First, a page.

The First 3 Postpartum Months Require More Sleep

When you initially find out that you're pregnant, one of the only things you think you know for certain is that postpartum life will most likely be a fairly sleepless one. You've seen friends and family members become new parents and, in turn, become bleary-eyed and exhausted. So you're (somewhat) mentally prepared for the lack of sleep you feel sure is imminent. Although the exact requirements tend to vary person to person, there isa certain amount of sleep you actually need in your first three months postpartum, when sleep deprivation and (or) new-parent insomnia can be at its worst as both you and your baby adjust to a brand-new version of daily life.

According to Parents, newborns sleep differently than adults. Infant sleep patterns allow babies to sleep for shorter periods more often and wake up more easily than adults, which is why it's not uncommon for parents of infants to suffer from sleep deprivation. But even beyond the sleep disruptions caused by your sweet newborn, it's completely natural and normal for new mamas to feel fairly lethargic and fatigued. According to an article on Baby Center, given that your body is recovering from childbirth, exhaustion is part of the childbirth recovery process. This makes sense though. When you're sick, for example, you often feel zapped of energy, partially because your body is fighting off disease and trying to recuperate and heal. The same principle applies after childbirth.


So how much sleep do you really need in the fourth trimester? Ultimately, it depends on what's normal for you. Say, for instance, you normally need about seven to nine hours of sleep per night. Your body and mind will still need those hours. But after giving birth, you may find that you need more in order to feel truly rested. According to a study published in the Journal of Perinatal and Neonatal Nursing, parents of breastfed infants sleep about 40 to 45 minutes more each night than parents of infants who are formula-fed. If you're not sleeping enough, it's important to note that getting only five to six hours of sleep per night makes you 1.9 times more likely to get in an accident, according to the AAA Foundation for Traffic Safety. If you're getting even less than that, the risk is even higher.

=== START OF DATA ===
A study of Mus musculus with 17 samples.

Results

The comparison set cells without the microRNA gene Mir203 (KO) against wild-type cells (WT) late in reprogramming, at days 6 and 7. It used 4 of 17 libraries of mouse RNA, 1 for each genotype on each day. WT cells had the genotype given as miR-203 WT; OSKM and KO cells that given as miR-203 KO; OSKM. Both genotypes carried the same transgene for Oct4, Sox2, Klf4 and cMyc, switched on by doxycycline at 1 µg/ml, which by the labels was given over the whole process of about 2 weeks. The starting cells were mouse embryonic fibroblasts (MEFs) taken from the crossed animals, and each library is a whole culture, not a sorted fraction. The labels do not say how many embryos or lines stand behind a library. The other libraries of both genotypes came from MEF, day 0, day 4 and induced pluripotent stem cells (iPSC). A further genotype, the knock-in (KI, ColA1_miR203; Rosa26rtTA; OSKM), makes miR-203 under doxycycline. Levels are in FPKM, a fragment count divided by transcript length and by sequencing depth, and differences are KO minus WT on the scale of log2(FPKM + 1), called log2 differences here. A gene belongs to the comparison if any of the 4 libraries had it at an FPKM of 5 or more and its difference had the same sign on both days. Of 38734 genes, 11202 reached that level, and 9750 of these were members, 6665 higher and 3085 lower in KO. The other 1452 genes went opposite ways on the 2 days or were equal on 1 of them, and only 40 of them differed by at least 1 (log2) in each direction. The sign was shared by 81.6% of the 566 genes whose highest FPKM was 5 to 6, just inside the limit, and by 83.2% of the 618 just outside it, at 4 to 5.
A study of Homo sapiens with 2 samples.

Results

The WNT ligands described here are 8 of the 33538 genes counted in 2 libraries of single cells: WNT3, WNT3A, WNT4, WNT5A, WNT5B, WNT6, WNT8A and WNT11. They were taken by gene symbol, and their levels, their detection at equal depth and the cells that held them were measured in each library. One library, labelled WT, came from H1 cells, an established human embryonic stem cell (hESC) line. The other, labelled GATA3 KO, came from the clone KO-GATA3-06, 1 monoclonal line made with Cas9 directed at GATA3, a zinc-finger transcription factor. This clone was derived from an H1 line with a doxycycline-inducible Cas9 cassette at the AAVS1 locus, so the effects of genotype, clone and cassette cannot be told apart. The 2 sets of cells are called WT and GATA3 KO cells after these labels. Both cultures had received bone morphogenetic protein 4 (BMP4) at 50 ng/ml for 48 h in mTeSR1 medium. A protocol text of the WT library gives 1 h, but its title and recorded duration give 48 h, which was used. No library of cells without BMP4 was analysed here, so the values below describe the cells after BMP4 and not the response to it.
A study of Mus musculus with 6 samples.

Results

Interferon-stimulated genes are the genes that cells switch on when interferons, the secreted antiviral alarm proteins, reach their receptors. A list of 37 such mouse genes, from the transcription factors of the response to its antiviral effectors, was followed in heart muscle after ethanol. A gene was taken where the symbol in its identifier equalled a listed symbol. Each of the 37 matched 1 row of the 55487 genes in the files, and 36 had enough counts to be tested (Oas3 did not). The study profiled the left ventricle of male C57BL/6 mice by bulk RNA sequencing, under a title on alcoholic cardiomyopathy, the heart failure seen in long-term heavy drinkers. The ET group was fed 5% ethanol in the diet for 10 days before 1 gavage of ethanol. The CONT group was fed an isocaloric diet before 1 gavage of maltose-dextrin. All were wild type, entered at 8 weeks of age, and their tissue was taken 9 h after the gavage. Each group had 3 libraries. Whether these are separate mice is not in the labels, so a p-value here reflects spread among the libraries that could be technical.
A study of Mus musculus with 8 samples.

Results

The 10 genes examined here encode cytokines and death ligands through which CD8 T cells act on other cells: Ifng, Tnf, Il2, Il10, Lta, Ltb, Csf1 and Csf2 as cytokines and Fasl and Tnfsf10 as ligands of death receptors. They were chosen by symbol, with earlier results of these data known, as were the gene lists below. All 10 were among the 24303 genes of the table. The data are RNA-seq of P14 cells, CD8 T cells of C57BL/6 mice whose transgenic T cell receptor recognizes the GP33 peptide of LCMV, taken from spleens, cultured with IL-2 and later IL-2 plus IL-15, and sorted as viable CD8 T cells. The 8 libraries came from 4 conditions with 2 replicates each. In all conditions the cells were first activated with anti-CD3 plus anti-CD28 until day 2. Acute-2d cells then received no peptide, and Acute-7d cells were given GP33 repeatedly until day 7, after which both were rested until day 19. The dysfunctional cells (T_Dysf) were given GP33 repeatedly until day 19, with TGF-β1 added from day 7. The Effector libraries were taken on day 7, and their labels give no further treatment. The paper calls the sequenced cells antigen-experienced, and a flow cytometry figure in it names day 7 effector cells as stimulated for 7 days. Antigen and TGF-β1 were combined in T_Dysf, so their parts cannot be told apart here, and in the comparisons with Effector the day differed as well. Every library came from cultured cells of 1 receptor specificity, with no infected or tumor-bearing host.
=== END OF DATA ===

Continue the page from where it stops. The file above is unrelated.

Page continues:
Although it might seem like there's simply no way to fit more sleep in your day, therapist Dr. Diana Lynn Barnes told Parents that resting on the couch for half an hour can help restore some of your energy, even if you can't fall asleep during that time. Additionally, sleep specialist Dr. Margaret Park told WebMD that talking to your partner about your personal sleep needs before the baby comes can help the two of you make a plan to make sure you get the sleep you need. Looping family, friends, or hired care in to the conversation can help with continuity, as well.

If you're getting enough sleep at night, but still find yourself perpetually exhausted, it could be a sign of postpartum depression, anemia, or a thyroid condition, so it's important to speak with your healthcare provider if you're concerned. Keeping an eye on how much rest you're getting — and making sure both you and your partner are getting enough — is important not only for your physical, mental, and emotion wellbeing, but for the care of your new baby. The fourth trimester can be a bit overwhelming, but prioritizing rest and sleep, if possible, can make it a little bit more bearable.